White River oil spill puts First Nation on alert

Residents of Pic Mobert First Nation are concerned about how close they came to having the water supply contaminated by oil.

CP Rail train oil spill could have contaminated Pic Mobert First Nation's water supply

A Ministry of the Environment map of the train derailment site near White River, Ont. The accident happened just before 8 a.m. on Wednesday, when a Canadian Pacific freight train left the track and 22 cars were derailed. A tank car leaked several hundred litres of crude oil. (Supplied)

Residents of Pic Mobert First Nation are concerned about how close they came to having the water supply contaminated by oil.

The executive director of the community said he's relieved CP Rail was quick to contain the spill of more than 63,000 litres of crude oil, after a freight train left the track and 22 cars derailed.

Norm Jaehrling said the spill, which happened about 20 kilometres upstream from the community, could have been worse.

"It's a little bit of a wake-up call to remind us that we really need to be paying a little closer attention to what's passing by us every day," he said.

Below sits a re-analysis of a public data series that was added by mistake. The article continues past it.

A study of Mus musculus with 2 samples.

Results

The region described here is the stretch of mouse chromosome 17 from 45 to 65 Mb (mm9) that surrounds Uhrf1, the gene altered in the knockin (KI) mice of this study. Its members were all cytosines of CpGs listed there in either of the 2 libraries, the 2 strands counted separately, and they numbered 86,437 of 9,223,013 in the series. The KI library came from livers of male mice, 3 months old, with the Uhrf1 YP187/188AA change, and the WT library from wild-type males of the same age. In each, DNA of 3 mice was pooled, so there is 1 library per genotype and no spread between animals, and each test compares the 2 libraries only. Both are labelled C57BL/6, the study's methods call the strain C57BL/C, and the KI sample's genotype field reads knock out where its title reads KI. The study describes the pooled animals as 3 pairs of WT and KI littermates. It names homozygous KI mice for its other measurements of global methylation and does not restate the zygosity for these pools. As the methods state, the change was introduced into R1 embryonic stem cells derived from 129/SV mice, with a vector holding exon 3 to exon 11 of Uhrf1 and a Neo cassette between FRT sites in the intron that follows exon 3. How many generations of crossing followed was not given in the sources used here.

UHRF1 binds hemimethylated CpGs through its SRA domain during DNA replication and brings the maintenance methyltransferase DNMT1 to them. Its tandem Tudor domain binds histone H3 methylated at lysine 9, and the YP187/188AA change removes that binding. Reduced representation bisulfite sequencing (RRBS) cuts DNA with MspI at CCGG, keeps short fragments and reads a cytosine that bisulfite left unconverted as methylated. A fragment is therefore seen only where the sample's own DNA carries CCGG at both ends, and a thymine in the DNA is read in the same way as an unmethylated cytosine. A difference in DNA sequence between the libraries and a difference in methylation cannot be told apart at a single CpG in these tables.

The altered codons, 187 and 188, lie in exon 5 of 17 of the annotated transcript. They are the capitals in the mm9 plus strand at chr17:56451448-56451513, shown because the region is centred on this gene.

Jaehrling said he's relieved the water supply was not contaminated, but the accident raised some concerns. In the future, the community would like to know when dangerous materials are passing through.

"Internally, it's prompted us to have some deep discussions in terms of our state-of-readiness in the event of a derailment that [could be closer and] have a more significant impact on our community," he said.

The community has an emergency plan in place, but will now review it in the context of this incident. Meetings on the matter have already begun "to take a hard look at what is our state of readiness and what's our capability to respond."

Good communications ‘reassuring’

Jaehrling said the community has been fortunate to have an open dialogue with CP Rail.

"Communications have been good, so I think that's helpful," he said. "I think the offer from CP to provide us with testing results, both for ground water and for the soil that was impacted in the area, as they complete the remediation, [is] very important and reassuring for us."

The community has sent representatives from its health program to "take a look at the site to see for themselves," Jaehrling said.

"It's a significant topic of discussion. People are unsure what has happened and the extent to which the spill and the entire accident ... might impact the community. Without up-to-date, accurate information, things can get out of hand and people may sort of overestimate what has occurred."

Their concerns are justified. The initial reports indicated only several hundred litres of crude oil had spilled from the perforated tank.

"It turns out, as they got into the site … and started moving snow around and moving equipment around, there actually was more oil that had spilled then they had originally anticipated. Immediately we were quite concerned, because there's always a fear of oil spilled, migrating into the river or to the water system and we are downstream on the White River."

The rail line has since been reopened after repairs and mandatory track inspections.